Hooray, my flight arrived in Cartagena. Packed my bike and rode first 3km to a nearby hotel (just 12,497km to go).
Uneventful flight, though flying with a bike is a bit annoying. Can’t tell if the airlines have gotten worse, or if I’m just older and grumpier than I remember flying with bike years ago.
Arrived at the airport with plenty of time to spare. Delta Airlines gave me three new pieces of information:
- We don’t have bike boxes – No problem I walked to United and bought one there. It might be getting less common to be able to just ride into an airport, buy a box and go. In future might need to box my bike before coming to airports.
- If you get refused entry into Colombia, it won’t be our fault – Also no problem, though this took a bit to figure out. Colombia like many countries doesn’t require a visa for US citizens for a limited stay (e.g. 90 days in Colombia). As a result, the rules are written to require some evidence of “onward travel”. Similar requirements into Honduras, Costa Rica and Panama. Not a particular problem at land borders since you show the bike and say, “that is my onward travel”. However, Delta instead asked “when is your flight back?”. I said, I’ll fly back from Argentina in December. Since that was more than 90 days, they decided to tell me Colombia was going to refuse my entry and that it wouldn’t be their fault.
- We can’t check your bike and luggage onto Cartagena, since your layover is over 5 hours – This one was a bit more annoying since I’d already tried to optimize my 11 hour layover by booking a “Minute Suites” on the airport concourse. This would let me sleep overnight in the airport and never need to leave TSA secured zone. So cancelled Minute Suites since this would no longer work (a shame since those in-the-airport hotels worked well in Singapore).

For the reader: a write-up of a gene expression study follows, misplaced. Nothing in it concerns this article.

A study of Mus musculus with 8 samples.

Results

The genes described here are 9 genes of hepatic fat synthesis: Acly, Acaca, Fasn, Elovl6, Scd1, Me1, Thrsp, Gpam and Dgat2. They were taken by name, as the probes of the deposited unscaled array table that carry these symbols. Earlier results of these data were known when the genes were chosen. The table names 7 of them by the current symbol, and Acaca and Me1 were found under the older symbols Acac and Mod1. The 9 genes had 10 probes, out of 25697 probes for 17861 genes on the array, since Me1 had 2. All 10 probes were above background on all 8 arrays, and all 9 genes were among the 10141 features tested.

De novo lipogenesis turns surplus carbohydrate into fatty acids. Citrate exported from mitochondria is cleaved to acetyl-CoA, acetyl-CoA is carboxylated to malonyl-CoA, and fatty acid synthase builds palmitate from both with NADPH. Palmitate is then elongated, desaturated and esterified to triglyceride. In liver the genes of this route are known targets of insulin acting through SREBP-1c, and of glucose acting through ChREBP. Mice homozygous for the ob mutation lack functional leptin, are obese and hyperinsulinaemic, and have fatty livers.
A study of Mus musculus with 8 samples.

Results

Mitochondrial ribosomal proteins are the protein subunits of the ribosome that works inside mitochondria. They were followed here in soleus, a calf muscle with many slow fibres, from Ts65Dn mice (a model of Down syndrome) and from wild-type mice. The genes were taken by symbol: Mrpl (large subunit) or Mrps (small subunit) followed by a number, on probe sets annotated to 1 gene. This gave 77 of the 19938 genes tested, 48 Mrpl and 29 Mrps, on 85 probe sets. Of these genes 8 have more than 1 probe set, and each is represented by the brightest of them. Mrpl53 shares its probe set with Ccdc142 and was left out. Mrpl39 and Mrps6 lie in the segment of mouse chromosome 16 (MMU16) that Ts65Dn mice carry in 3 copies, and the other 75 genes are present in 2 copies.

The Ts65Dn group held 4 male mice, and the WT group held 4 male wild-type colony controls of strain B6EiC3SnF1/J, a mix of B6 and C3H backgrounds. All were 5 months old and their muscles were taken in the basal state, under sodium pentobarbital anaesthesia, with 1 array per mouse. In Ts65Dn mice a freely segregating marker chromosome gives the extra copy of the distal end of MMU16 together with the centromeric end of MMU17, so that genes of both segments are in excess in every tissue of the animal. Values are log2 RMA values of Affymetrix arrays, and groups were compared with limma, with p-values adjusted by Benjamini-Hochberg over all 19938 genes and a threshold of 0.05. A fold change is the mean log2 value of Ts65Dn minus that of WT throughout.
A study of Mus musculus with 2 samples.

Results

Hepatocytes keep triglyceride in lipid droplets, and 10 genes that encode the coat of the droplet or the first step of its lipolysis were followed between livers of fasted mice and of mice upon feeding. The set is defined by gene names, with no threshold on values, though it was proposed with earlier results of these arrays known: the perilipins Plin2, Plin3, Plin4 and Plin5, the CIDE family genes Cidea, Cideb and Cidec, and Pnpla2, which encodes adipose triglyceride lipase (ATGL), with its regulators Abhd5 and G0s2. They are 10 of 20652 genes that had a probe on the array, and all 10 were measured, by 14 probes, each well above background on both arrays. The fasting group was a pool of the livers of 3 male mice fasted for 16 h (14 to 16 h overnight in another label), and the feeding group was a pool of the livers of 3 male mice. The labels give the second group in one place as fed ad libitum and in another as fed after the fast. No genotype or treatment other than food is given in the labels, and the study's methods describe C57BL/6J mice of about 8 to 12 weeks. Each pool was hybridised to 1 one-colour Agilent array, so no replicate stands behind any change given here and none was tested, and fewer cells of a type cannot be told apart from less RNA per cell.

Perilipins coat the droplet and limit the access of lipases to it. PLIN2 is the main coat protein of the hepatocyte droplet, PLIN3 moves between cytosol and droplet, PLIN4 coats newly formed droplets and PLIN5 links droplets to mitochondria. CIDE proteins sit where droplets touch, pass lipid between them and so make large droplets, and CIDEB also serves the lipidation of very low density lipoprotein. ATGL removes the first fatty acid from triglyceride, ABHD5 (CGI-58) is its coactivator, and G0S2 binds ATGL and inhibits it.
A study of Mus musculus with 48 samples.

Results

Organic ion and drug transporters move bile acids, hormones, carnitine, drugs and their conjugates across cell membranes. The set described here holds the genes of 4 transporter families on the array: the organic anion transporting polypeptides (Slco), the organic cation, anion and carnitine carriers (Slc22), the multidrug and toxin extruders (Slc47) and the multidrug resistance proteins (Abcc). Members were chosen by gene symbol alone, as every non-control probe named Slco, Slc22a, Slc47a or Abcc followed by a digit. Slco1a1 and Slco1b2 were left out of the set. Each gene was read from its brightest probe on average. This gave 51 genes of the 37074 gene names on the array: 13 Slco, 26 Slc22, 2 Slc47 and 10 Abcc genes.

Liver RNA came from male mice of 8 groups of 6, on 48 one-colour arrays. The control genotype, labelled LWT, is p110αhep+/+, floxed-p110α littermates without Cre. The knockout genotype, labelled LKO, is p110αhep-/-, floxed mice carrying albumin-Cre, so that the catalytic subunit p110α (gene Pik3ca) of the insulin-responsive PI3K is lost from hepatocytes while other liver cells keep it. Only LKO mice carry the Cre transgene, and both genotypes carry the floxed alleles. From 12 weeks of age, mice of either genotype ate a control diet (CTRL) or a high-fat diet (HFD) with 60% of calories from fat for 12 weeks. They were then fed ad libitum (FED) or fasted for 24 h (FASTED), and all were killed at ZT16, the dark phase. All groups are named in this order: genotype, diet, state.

Hence, flew to Atlanta. Retrieved my bike from the domestic terminal baggage claim. Found the shuttle bus that goes from the domestic terminal to the international terminal (photo above).
Flights for the day were done and international terminal was otherwise mostly random tourists wandering around and cleaning people riding those floor polishing machines. I found a space over by the windows and got out my sleeping bag and pad and slept in the terminal.
Next morning, waiting in the lines and got to check in my baggage. Here Delta spent ~30 minutes since they weren’t really sure if my United bike box (70″x40″x10″) would fit in the cargo door of a 737-800 (48″x36″). They suggested it probably wouldn’t and I would need to send my bike via cargo. I pointed out that I had started the trip on a 737 to Prudhoe Bay and this was standard size United box, but that didn’t really help, so we waited around until they could call someone who loaded cargo into the planes. Eventually they gave up and said they would page me if I needed to retrieve my bike.
Overall, I would rate Delta as lower down on the “bike friendly” airline list. Perhaps getting grumpier, but recent experiences on Alaska Airlines and United have gone more smoothly and staff seems to be more familiar with flying bicycles.
After that uneventful flight and arrival into Cartagena. Airport is small with just a few international flights per day (and more domestic flight). No jetways, but instead those roll up stairs. Getting through immigration was no issue (despite Delta’s warnings).
Bike arrived on the luggage belt. Box was slightly beat up by now, but bike was fine. Assembled it before I cleared customs. After that, cycled to hotel where I had a reservation. Photo above is of the assembled bike at kilometer 0 at the airport. It is warm and very humid here. My camera was still cool and hence lenses quickly fogged over so no other photos yet.
Haven’t figured out yet whether I’ll go sightseeing tomorrow or whether to take advantage of light Sunday traffic and use it to escape the big city. It does seem useful to get on the road early, at least if this can get ahead of hottest parts of the day.